TIDUEU6B September   2020  – December 2021 OPA810


  1.   Description
  2.   Resources
  3.   Features
  4.   Applications
  5.   5
  6. 1System Description
    1. 1.1 Key System Specifications
  7. 2System Overview
    1. 2.1 Block Diagram
    2. 2.2 Highlighted Products
      1. 2.2.1 OPA2810
      2. 2.2.2 BUF634A
    3. 2.3 Design Considerations
      1. 2.3.1 Existing architecture
        1. Circuit Stability Issue
        2. Solution in Existing Architecture (Compensation Cap)
      2. 2.3.2 Proposed Design
        1. Stability Analysis of the Proposed Design
          1. Without Measurement of Voltage at Inverting Node of A2
          2. With Measuring Voltage at Inverting Node of A2
        2. RG = RF Settings and Respective Impedance Ranges
        3. Impedance Measurement Procedure
          1. Short Cal
          2. Impedance Cal
          3. 100k Setting Calibration
          4. Open Cal
          5. Calculations
          6. Correction in ZX
          7. Data Acquisition and Processing
          8. Mathematical Explanation
  8. 3Hardware, Software, Testing Requirements, and Test Results
    1. 3.1 Required Hardware and Software
      1. 3.1.1 Hardware
    2. 3.2 Testing and Results
      1. 3.2.1 Test Setup
      2. 3.2.2 Test Results
  9. 4Design Files
    1. 4.1 Schematics
    2. 4.2 Bill of Materials
    3. 4.3 PCB Layout Recommendations
      1. 4.3.1 Layout Prints
    4. 4.4 Altium Project
    5. 4.5 Gerber Files
    6. 4.6 Assembly Drawings
  10. 5Software Files
  11. 6Related Documentation
    1. 6.1 Trademarks
    2. 6.2 Third-Party Products Disclaimer
  12. 7Revision History

System Description

The goal of any test and measurement system is to measure a device under test (DUT) as simply as possible, while only introducing errors significantly smaller than those present in the measured device. For impedance measurements, there are several existing techniques that provide various tradeoffs between measurement accuracy, complexity, and frequency range. For this design, the auto balancing circuit method was chosen because it provides good accuracy over a wide impedance measurement range without any tuning requirements. Table 1-1 lists the advantages and disadvantages of several common impedance measurement techniques along with their frequency ranges and typical applications.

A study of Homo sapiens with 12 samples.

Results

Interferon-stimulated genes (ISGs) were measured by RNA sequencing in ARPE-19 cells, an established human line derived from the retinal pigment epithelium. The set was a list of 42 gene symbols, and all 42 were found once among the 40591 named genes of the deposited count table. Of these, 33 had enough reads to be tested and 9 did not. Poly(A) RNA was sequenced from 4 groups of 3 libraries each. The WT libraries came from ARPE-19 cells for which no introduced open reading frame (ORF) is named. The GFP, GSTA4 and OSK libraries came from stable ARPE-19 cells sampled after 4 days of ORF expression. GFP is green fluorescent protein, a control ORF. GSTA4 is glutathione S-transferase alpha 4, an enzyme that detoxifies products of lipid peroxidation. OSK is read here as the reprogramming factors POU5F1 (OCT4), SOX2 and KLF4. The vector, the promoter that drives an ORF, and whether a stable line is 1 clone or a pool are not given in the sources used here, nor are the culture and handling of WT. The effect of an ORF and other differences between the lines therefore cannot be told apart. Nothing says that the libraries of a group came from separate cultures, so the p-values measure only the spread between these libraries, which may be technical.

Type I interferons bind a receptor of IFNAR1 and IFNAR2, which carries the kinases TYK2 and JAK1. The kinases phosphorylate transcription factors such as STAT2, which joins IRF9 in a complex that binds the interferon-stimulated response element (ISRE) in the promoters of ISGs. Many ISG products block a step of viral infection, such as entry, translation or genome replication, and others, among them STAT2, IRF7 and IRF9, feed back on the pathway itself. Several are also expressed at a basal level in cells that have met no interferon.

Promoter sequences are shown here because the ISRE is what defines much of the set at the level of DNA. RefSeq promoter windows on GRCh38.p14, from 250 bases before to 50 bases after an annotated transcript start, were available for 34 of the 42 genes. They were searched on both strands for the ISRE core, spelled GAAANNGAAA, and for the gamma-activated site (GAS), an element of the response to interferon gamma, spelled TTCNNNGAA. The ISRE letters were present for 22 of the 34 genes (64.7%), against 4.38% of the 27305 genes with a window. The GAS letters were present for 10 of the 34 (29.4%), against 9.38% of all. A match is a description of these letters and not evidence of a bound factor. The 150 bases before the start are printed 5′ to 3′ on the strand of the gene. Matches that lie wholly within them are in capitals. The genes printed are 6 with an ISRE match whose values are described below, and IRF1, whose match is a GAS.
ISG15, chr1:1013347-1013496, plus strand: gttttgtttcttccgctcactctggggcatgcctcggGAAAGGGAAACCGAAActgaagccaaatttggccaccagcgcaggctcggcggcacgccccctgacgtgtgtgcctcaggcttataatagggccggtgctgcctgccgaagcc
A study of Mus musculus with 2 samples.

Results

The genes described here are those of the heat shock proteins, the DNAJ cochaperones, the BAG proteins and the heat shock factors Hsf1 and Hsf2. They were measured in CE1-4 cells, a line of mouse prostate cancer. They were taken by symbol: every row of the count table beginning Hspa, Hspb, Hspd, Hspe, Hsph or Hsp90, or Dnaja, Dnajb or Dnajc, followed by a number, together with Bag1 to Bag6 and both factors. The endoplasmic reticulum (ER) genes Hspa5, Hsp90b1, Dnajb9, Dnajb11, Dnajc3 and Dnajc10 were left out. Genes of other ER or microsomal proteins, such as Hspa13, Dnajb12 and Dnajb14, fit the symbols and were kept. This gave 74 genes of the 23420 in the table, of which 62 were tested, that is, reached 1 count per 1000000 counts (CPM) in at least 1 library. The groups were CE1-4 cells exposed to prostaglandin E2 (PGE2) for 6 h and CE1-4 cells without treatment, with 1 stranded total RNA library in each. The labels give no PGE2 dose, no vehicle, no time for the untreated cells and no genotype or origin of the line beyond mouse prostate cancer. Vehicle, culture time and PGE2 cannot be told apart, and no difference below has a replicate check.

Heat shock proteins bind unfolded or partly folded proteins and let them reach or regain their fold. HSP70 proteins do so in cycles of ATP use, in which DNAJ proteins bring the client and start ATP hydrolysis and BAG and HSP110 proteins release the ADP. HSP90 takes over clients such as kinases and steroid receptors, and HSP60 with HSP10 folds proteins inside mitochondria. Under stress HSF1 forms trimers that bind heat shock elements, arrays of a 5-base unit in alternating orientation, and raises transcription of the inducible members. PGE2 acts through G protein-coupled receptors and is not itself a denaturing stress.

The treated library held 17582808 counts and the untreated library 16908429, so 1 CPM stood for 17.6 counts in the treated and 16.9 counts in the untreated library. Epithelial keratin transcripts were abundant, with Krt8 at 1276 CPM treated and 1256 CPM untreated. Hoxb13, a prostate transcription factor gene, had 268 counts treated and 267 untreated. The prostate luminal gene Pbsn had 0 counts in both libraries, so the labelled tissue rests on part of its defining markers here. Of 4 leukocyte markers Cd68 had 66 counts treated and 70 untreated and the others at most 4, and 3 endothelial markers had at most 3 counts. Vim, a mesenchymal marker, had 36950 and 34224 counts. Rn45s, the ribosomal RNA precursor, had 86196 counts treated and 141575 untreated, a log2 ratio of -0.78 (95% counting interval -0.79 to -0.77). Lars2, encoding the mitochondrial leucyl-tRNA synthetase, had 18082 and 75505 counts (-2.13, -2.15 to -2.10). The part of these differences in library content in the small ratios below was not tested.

Table 1-1 Impedance Measurement Methods
Bridge method
  • High Accuracy
  • Wide frequency range with different types of bridges
  • Manual balancing needed
  • Narrow frequency coverage with single bridge
DC to 300 MHz Standard Lab
Resonant method
  • Good Q measurement accuracy up to high Q
  • Tuning required
  • Low impedance measurement accuracy
10 kHz to 70 MHz High Q device measurement
Network analysis method
  • Wide frequency coverage
  • Good accuracy
  • Narrow impedance measurement range
5 Hz to above RF component measurement
Auto balancing method (Method used in this design)
  • Good accuracy over wide range of impedances
  • Grounded device measurement
  • High frequency ranges are not available
20 Hz to 120 MHz Generic component measurement

The auto balancing technique is very useful for a wide range of impedance measurements at a frequency range of 20 Hz to 120 MHz. The auto balancing technique uses an op-amp as shown in Figure 1-1.

GUID-0009E04A-2EBA-4A63-9C11-2F21D90E90EB-low.gif Figure 1-1 Auto Balancing Circuit Amplifier Configuration

The fundamental idea in this technique is to convert the current ( IX ) through unknown impedance (ZX) into voltage ( VO ). The unknown impedance value is determined using the value of current flowing through it. The non-ideal properties of the amplifier and circuit play a very crucial role in the design of an LCR meter. For example, the parasitic capacitance at the inverting input of the amplifier will cause instability for a high value of RF. The circuit's stability is also sensitive to both the type of component and value used for ZX. The circuit is particularly prone to instability when capacitive impedances are measured. In this design, these stability problems are addressed using a multi-path capacitive compensation technique. This design illustrates the analog signal chain of an LCR meter which is tested up to 100 kHz.